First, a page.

Second Cancer Often Same Type as the First, Study Finds
Risk varies depending on original disease, Danish researchers report
MONDAY, Nov. 28, 2011 (HealthDay News) -- If cancer survivors develop a second cancer, it's most likely to be the same type of cancer as the first, researchers report.
About 15 percent of cancer survivors worldwide are diagnosed with a second primary cancer, the authors of the new report pointed out.
In the study, investigators analyzed data from the entire population of Denmark (7.5 million) from 1980 to 2007 and found that about 10 percent (765,255 people) had one or more diagnoses of primary cancer, for a total of 843,118 diagnoses.
Cancer survivors had a 2.2-fold risk of developing a second primary cancer of the same type as the first type of cancer, and a 1.1-fold risk of developing a different type of second primary cancer, the findings showed.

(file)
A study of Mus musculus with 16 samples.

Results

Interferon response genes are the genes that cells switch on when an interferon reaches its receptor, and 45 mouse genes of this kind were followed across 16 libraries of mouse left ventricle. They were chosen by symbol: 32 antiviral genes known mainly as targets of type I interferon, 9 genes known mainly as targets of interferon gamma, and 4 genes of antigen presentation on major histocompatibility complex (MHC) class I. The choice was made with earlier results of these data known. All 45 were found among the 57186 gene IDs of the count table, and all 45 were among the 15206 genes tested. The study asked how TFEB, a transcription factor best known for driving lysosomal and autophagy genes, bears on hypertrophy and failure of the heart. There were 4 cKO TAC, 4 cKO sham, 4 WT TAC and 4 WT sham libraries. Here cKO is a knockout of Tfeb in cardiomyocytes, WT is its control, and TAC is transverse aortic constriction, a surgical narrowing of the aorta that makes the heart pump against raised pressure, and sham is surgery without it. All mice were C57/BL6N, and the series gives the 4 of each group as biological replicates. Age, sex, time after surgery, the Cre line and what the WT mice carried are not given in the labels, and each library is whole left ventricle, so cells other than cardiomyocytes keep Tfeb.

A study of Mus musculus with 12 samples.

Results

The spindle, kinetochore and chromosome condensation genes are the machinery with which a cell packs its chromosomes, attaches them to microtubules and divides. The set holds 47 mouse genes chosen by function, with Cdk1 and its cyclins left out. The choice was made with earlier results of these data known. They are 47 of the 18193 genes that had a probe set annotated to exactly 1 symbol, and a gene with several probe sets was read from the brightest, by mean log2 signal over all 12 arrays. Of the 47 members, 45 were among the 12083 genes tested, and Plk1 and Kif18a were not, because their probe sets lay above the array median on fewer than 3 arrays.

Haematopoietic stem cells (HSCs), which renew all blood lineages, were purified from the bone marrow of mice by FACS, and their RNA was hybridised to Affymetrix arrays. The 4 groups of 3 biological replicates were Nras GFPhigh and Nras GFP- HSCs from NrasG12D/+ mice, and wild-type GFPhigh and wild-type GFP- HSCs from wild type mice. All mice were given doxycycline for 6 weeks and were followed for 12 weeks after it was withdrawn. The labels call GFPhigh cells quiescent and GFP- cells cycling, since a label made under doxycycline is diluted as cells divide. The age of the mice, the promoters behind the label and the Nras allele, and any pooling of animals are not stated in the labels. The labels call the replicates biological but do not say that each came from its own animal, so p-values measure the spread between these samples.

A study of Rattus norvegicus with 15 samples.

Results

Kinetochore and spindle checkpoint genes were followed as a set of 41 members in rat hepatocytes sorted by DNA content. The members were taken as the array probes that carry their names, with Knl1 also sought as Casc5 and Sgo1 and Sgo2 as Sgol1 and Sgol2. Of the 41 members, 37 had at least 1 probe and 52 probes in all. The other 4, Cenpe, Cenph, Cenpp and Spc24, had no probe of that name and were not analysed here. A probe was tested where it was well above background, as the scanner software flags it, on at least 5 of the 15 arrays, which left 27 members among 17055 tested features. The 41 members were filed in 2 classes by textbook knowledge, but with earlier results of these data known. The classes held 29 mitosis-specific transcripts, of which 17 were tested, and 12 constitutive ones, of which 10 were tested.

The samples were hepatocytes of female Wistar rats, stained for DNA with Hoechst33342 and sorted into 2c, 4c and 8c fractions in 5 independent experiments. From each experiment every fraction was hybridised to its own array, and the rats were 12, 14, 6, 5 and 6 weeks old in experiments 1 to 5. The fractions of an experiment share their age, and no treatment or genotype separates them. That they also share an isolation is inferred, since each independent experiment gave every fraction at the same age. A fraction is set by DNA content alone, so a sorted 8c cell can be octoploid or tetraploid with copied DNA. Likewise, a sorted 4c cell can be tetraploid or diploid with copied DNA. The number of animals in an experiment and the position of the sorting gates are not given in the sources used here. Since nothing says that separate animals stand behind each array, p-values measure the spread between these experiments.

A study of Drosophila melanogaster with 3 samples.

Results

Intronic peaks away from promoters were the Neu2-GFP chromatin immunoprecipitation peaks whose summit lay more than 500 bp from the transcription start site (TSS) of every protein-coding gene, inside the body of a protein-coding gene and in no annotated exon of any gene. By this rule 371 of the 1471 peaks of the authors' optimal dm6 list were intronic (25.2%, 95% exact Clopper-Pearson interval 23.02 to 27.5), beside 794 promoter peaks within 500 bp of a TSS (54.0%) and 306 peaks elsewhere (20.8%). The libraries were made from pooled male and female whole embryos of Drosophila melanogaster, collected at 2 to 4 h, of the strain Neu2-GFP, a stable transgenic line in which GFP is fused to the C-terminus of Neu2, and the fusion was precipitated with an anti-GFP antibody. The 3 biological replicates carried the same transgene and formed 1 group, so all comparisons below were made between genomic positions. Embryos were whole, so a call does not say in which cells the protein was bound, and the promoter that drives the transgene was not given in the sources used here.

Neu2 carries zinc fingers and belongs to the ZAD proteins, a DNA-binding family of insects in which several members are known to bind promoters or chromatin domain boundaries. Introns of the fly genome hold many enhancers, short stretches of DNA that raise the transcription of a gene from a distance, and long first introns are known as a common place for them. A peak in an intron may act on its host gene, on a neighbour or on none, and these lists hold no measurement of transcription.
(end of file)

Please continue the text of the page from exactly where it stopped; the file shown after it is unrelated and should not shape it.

The risk varied, depending on the type of cancer. The risk of a second cancer of the same type was greatest among sarcoma survivors and lower among prostate cancer survivors. The risk of a second cancer of a different type was highest among larynx cancer survivors and lower among prostate cancer survivors, according to the report published Nov. 28 in CMAJ (Canadian Medical Association Journal).
"The striking contrast between the 2.2-fold increased risk of a second primary cancer being the same type as the first and the 1.1-fold increased risk of it being different from the first cancer suggests that characteristics of the individual patient were involved," wrote study author Dr. Stig Bojesen of Herlev Hospital, Copenhagen University Hospital and the University of Copenhagen, and colleagues. "The risk of a second primary cancer seems to be specific to cancer type and is probably driven by the patient's genetic and lifestyle risk factors."
The U.S. Centers for Disease Control and Prevention has more about cancer survivors.